Wednesday, May 12, 2010

A Pause for Art

For your viewing pleasure, Thomas Cole's "Course of Empire" series of paintings. Niall Ferguson had a long and well-worth-reading piece describing the Course of Empire and his views on our current situation. He focuses on complexity and rightly (in my opinion) disparages the post hoc ergo propter hoc "historical" stories we tell ourselves about events after they occur.

From a Socionomic point of view, think about what stories these societies were telling themselves during each phase and how each phase was viewed once mood changed.

The Savage State.

The Arcadian State.

The Consummation of Empire. It sure has been fun - for the Empire. Maybe not so much for those on the periphery...

The Destruction of Empire.

Desolation.

3 comments:

David said...

"post hoc" stories. BRILLIANT!! I had not quite thought of things this way before, but that's precisely the "standard model" of causality socionomics undercuts.

Do you ever get the mental image that despite our suits & ties, our flashy automobiles, our cell phones and jet planes that humans are still a tribe of savages sitting around the campfire (TV) as the shaman spins us a tale of how the sun god brought droughts because he was angry over the burning of branches? Having fully embraced the logic of socionomic theory, everything I see/hear/read now looks exactly like this to me as soon as I see past the micron-thin facade of modernity behind which is resides.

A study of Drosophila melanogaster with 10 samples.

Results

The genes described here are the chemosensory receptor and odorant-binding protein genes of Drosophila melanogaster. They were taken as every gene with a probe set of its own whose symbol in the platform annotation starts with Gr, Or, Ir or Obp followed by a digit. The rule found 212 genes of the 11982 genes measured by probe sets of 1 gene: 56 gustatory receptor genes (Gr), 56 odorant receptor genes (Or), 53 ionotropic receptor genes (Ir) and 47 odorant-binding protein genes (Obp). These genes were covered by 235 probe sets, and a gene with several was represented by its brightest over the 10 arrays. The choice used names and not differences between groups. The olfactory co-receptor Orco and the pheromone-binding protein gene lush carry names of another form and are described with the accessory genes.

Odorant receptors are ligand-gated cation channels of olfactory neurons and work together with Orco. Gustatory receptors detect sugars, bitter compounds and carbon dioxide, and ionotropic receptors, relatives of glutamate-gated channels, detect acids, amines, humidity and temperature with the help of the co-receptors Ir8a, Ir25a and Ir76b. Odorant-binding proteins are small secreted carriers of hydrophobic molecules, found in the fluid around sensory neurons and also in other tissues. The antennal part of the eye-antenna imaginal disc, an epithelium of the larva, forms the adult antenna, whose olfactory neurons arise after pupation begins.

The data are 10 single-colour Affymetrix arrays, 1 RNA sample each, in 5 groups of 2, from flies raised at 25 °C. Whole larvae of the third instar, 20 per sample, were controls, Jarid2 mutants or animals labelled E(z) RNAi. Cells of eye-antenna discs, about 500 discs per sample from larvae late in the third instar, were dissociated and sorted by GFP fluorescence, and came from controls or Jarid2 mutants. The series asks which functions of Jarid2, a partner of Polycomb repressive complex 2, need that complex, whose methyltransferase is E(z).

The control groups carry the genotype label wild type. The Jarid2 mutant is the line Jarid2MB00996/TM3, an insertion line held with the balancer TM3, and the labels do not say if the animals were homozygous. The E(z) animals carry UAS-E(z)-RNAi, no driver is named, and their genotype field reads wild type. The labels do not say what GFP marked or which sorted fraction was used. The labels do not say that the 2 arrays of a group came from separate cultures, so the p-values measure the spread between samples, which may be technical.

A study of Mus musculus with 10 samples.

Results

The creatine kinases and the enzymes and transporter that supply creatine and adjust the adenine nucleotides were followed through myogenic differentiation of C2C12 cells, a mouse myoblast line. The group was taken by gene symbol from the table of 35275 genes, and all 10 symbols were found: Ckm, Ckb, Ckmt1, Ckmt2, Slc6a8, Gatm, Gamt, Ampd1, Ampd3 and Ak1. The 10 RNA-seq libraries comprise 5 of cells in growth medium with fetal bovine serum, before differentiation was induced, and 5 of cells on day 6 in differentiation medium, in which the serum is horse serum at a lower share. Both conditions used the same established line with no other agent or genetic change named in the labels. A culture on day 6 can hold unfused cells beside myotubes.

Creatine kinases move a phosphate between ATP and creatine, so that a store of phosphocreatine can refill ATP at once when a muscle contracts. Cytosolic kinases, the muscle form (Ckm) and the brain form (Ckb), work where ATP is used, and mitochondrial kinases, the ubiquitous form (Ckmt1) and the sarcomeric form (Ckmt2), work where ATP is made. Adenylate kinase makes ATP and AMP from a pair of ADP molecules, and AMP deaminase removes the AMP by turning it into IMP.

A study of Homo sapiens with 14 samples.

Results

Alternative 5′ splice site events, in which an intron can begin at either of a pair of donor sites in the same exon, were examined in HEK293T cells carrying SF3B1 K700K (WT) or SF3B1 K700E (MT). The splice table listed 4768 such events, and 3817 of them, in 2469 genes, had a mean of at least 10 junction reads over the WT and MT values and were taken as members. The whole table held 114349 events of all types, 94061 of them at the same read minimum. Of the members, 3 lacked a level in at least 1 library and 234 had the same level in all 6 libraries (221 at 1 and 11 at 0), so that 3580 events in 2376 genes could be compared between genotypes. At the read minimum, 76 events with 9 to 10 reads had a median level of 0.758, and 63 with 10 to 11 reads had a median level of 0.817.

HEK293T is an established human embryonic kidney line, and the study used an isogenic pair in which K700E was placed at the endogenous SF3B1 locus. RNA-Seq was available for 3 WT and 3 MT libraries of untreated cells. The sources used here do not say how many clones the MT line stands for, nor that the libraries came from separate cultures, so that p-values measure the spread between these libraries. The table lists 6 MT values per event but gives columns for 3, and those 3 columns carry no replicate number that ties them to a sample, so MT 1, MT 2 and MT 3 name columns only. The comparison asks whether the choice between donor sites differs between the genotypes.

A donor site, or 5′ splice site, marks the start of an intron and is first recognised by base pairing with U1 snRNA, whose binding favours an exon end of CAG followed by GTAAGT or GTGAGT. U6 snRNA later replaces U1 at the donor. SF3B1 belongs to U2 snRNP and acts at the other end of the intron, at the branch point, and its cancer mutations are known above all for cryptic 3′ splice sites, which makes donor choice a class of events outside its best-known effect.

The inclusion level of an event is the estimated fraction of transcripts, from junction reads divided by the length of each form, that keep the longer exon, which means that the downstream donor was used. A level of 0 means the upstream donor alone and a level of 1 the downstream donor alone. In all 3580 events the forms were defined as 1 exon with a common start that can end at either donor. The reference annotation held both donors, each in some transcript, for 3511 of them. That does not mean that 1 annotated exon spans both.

It's not that the post-modernists were right; it's the "post-hoc"ists whose stories are the sea in which we all swim, and how do we discuss the concept of "being wet" with a fish?

Flagg707 said...

Discussing "being wet with a fish" is a great way of putting it. We are all prisoners of a system. A few of us are at least trying to get a feel for where the walls and guards are.

David said...

"wall and guards."

This parallels my view that learning is like standing in a huge, darkened warehouse with a flashlight. I can see a small area around me and only sense the size of the full room. Learning gives me a brighter flashlight so I can see more of the room...but by doing so it simply informs me that the darkness beyond actually occupies a space far larger than I had previously imagined. Thus is the paradox of knowledge: The more I know, the smaller is my share of total knowledge.

Life is lived in a sea of ignorance, and the wiser we become, the more we realize how little we understand. Thus do we recognize that those who profess to hold the greatest knowledge are the least wise among us.

Rather than prisoners in a system, I prefer to carry that analogy of the warehouse. I cannot hope to light all the space around me. I can only work diligently to clear my eyes of illusions and light enough of the floor to navigate the safest, happiest path available while avoiding the pitfalls and traps into which those around me inevitably fall. With luck I will avoid a premature trip into the abyss, and with the best of luck I'll pass along my navigation tips to my children.